Two- and 3-year-olds cavorted among colorful towers and animal-shaped devices that sprayed light mists or heavier streams.
Occasionally a 12-foot-tall pelican with a 5-gallon beak splashed one little boy or another who stood head-down waiting to be soaked.
Birthday parties have changed over the decades since I was a child, and I just went to a great one.
When I was a kid, my parties usually consisted of a few minutes at the end of the evening meal.
My mother would have baked a chocolate cake knowing it was my favorite.
I’d be serenaded with the birthday song and then would blow out the candles with the longest-lasting breathe I could muster.
After cake and ice cream, I’d get to open my present. I’d usually know what it was, because I’d gotten to pick it out of the catalog weeks before.
By the time my children came along, birthday parties had gotten bigger.
When my children were small, the party was usually at home with several relatives and a few family friends who happened to have children about the age of the birthday boy or girl. Those were pretty good.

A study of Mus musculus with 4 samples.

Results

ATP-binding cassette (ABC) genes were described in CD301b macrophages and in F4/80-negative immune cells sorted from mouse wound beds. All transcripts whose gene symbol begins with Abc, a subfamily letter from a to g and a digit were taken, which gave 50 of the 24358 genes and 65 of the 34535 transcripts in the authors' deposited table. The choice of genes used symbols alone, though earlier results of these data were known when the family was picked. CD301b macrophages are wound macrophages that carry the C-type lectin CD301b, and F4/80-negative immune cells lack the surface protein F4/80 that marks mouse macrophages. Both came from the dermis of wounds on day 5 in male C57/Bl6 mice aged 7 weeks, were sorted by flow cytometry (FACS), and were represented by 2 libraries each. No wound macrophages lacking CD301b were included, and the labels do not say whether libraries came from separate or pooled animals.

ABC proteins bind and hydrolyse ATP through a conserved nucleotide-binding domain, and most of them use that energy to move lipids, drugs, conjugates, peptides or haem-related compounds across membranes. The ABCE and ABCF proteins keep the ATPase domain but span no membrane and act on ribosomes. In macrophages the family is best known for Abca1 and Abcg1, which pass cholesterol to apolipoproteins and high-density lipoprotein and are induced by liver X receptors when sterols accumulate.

As my kids grew older, they got to choose additional friends of their own and the location often moved from our house to a fast food establishment, a pizza place with stuffed animals that sang loudly or a roller rink.
I enjoyed giving my kids presents, but I usually just endured their parties.
I suspect most parents have suffered through birthday parties either of their own children or other people’s.
Last weekend, I thoroughly enjoyed one.
Partly it was because it was my granddaughter’s, and I didn’t have to plan it or be responsible for making sure everything went right.
Partly it was because Jena, every other kid and even the parents seemed so happy.
A water park in South Florida proved to be the best publicly owned setup I’ve ever seen for a birthday party for little kids. I’d love to see more such spots.
For a pittance, my son and his wife reserved one of a number of pavilions with a place to grill hot dogs, seat a large group and let the kids romp for free in a mini-water park.
Some of the children rushed immediately for the water cannons. Some dashed through the sprinklers again and again. Some held back, testing the less intimidating water toys first.
I don’t know when I’ve seen so many kids have so much fun with hardly a tear shed.
The laughter of the children brought smiles to the faces of every adult I watched.
Parents donned bathing suits and joined the fun, some just sitting under one of the mushrooms of water that cooled them on a sunny day.
It was the most fun I’ve had at a birthday party since blowing out my own candles.
Contact Bob Anderson at firstname.lastname@example.org.